The U.S. 11th Circuit Court of Appeals has upheld a lower court’s ruling that consolidated cases filed by four women who alleged injuries by a defective pelvic mesh implant by Boston Scientific Corp.
The 11th Circuit ruling also upheld a ruling by a U.S. District Court for the Southern District of Florida jury in 2014 that awarded four women a $27 million verdict in the case.
The jury did deny the women punitive damages.
The panel hearing the case included Justices Frank M. Hull and Stanley Marcus. Justice John M. Rogers, U.S. circuit judge for the Sixth Circuit, was sitting by designation. Marcus wrote the opinion.
The U.S. 11th Circuit Court of Appeals.
On appeal, Boston Scientific sought a new trial and alleged the lower court erred when it consolidated the cases of the four plaintiffs. It also maintained the judge was wrong to explode evidence connected to the Food and Drug Administration’s clearance of the Pinnacle Pelvis Floor repair kit for sale through a “substantial equivalence” process.
However, the plaintiffs, according to the opinion, made the same basic claim that the Pinnacle kit was defective and lacked sufficient warnings.
Marcus noted that the lower court rejected the FDA evidence under both Federal Rule of Evidence, which notes that irrelevant evidence isn’t admissible, and Federal Rule of Evidence 403, which, according to court documents, details that relevant evidence may be excluded “if its probative value is substantially outweighed by a danger of unfair prejudice, confusing the issues, misleading the jury, undue delay, [or] wasting time.”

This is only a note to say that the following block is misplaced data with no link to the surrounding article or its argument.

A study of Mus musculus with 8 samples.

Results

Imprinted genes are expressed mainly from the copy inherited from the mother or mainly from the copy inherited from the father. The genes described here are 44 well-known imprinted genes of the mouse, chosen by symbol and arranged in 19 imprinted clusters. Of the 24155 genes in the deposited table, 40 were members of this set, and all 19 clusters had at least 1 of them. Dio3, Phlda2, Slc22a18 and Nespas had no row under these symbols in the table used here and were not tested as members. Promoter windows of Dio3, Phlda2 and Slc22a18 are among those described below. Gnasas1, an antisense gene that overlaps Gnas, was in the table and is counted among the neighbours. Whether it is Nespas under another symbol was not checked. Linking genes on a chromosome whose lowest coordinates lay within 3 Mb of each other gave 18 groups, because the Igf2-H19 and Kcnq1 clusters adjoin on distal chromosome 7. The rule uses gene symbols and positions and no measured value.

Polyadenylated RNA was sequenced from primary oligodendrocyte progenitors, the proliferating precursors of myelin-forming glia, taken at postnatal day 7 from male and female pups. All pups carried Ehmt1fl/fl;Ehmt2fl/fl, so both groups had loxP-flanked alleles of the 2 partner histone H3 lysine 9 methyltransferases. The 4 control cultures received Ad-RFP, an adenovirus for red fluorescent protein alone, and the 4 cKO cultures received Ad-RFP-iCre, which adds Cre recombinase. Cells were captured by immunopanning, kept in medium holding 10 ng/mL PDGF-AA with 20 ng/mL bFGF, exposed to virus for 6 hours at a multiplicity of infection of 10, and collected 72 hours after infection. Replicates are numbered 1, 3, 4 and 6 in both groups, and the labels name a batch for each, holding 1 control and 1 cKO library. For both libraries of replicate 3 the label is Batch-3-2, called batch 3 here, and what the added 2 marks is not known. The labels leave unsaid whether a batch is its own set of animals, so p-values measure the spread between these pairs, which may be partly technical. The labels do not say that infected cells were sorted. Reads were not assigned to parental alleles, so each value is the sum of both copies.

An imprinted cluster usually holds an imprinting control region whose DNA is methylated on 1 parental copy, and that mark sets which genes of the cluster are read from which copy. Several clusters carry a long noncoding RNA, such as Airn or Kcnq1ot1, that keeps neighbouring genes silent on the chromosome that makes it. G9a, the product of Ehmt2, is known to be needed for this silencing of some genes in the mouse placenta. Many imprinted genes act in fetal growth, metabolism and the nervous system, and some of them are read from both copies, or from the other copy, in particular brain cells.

In upholding the ruling, the appeals court panel ruled the Florida court wasn’t out of bounds in its decision.
“The district court acted well within its discretion in consolidating each of these four lawsuits,” Marcus wrote in the opinion. Under Federal Rule of Civil Procedure 42(a), a district court may consolidate multiple actions that ‘involve a common question of law or fact.’”
Moreover, the court noted that a district court’s decision to consolidate cases is discretionary.
The appeals court also ruled the district court was on pit when it denied judgment to Boston Scientific on plaintiff Amal Eghnayem’s claims of failure to warn.
Marcus noted that Eghnayem offered expert testimony that supported her position and warnings didn’t inform doctors that multiple procedures could be required to remove the mesh.
Further, the Florida court didn’t err when it denied judgment to Boston Scientific on its claim that Eghnayem’s claims were time barred.
“It was not unreasonable for the jury to find that Eghnayem’s claims accrued after April 11, 2009 -- the cut-off point for the state’s four-year statute of limitations,” Marcus wrote in the opinion.
“The long and short of it is that the district court properly exercised its broad discretion in consolidating these actions and refusing to admit FDA evidence, and the contested fact questions were properly presented to the jury,” Marcus concluded in the opinion, affirming the lower court ruling.